Obama And Romney Urged To Dial Down Iran Debate Rhetoric By British MPs

Barack Obama and Mitt Romney will go head-to-head over foreign policy on Monday night

British MPs have urged Barack Obama and Mitt Romney to dial down the rhetoric on Iran in the third and final presidential debate set to take place on Monday evening.

Both men have said "all options" remain on the table to prevent the Iranian regime getting hold of nuclear weapons although Romney has tried to paint Obama's sanctions policy against Iran as a failure, endangering the safety of Israel.

Sir Ming Campbell, the former leader of the Libera Democrats and foreign policy spokesman, told The Huffington Post UK he was worried about the more bellicose language of Romney.

"My anxiety about Mr Romney is his lack of experience and the generalisations that he has pronounced in relation to Iran and the Middle East," he said.

"Obama is by nature cautious, we know that, we've seen that. My concern is Romney may have given the impression of a much more adventurous policy in the Middle East and that appears to be based on unqualified endorsement of the position and actions of Israel, whereas Obama has been much more fastidious in his approach and not sought to create so called 'red lines' which might trigger automatic actions."

He added: "The problem with pledges made in the course of elections is people expect you to adhere to them when you're elected. The right in the US would expect to him to honour the much more robust foreign policy statements."

But the former Lib Dem leader said that the cautious approach to foreign policy was not always appropriate, particularly in Afghanistan where British troops fight alongside American forces.

"It took him [Obama] a long time to decide whether he was going to embark upon the surge in Afghanistan, I think from time-to-time thoughtfulness on part of president has looked like indecision," he said.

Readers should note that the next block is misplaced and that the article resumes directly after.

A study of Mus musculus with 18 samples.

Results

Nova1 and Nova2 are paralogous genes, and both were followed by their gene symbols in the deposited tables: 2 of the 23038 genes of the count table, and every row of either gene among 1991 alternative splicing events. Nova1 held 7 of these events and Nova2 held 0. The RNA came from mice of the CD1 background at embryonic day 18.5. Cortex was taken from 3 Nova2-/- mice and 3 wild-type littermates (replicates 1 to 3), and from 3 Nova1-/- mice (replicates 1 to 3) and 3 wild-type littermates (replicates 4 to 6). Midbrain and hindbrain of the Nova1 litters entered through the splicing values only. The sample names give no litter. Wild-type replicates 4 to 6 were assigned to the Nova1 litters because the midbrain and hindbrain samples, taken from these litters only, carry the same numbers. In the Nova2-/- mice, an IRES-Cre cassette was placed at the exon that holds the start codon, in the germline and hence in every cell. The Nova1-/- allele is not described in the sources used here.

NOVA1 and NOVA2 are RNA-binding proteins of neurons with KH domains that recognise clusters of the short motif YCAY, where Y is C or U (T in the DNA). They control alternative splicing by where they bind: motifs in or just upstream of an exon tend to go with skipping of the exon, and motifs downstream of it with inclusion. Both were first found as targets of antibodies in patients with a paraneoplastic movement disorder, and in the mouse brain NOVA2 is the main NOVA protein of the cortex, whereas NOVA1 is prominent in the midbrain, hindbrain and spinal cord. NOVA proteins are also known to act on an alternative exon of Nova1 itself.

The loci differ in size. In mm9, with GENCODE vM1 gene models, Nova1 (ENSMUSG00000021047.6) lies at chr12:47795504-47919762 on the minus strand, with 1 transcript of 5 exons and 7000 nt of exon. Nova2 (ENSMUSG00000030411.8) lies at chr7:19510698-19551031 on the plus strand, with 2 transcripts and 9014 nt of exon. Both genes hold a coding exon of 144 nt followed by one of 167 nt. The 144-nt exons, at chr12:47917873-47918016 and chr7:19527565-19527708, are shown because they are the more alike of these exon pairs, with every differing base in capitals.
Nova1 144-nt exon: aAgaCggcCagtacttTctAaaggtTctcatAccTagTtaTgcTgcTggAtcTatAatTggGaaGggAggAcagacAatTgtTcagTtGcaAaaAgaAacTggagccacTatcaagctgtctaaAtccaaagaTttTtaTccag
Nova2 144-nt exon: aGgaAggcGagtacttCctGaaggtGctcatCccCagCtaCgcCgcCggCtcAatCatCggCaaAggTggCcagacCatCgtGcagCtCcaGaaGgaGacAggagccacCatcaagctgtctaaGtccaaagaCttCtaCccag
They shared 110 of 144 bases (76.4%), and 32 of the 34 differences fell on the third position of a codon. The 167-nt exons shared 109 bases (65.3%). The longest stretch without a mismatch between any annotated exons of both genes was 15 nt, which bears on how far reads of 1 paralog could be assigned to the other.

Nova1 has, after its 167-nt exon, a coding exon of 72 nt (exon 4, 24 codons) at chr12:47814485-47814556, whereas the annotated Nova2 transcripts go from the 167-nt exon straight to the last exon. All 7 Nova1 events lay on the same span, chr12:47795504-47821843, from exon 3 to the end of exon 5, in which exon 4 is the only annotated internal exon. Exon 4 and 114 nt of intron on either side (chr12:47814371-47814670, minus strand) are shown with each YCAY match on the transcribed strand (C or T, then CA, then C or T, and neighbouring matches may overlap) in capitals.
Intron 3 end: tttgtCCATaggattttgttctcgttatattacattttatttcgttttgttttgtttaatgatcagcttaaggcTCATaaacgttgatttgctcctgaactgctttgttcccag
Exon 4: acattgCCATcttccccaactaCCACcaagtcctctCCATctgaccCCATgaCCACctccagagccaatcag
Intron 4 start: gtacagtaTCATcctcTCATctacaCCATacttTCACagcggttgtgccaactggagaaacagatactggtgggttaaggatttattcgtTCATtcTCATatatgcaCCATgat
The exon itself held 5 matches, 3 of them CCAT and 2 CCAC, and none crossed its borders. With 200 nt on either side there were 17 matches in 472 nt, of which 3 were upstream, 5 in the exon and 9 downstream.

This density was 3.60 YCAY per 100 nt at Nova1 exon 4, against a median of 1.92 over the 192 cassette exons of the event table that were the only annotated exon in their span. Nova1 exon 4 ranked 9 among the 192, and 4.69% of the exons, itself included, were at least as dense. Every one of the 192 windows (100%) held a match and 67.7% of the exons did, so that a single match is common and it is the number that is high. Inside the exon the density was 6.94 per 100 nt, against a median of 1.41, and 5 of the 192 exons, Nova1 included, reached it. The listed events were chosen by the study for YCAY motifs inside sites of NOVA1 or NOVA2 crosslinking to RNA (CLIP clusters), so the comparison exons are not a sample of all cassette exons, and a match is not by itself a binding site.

"Only White House insiders could tell you where Obama's reluctance in some respects has been due to genuine considerations or simply an over cautious approach."

Labour MP John Spellar, who serves as a shadow foreign affairs minister, said he hoped the debate focused on the need for "constructive" peace talks in the Middle East.

"Romney is just into point-scoring and political tactics whereas I think Obama is actually trying to to get a resolution and I would like that to come out," he said.

"I think Obama can put his case forcefully, he can stress his support for a two-state solution and that both parties should be coming to the table urgently."


Prime minister David Cameron has, in tandem with the White House, said "nothing is off the table" when it came to dealing with Tehran and that the world should not have to live with a nuclear armed Iran.

However in a speech to a gathering of the Jewish community at an event in London last week, Cameron said the "relentless sanctions" put in place were having an impact no-one expected a year ago. “They have slowed the nuclear programme," he said.

“I have said to [Israeli] prime minister Netanyahu that now is not the time for Israel to resort to military action.

"I also refuse to give in to those who say that the current policy is fatally flawed, and that we have no choice but military action, " Cameron said.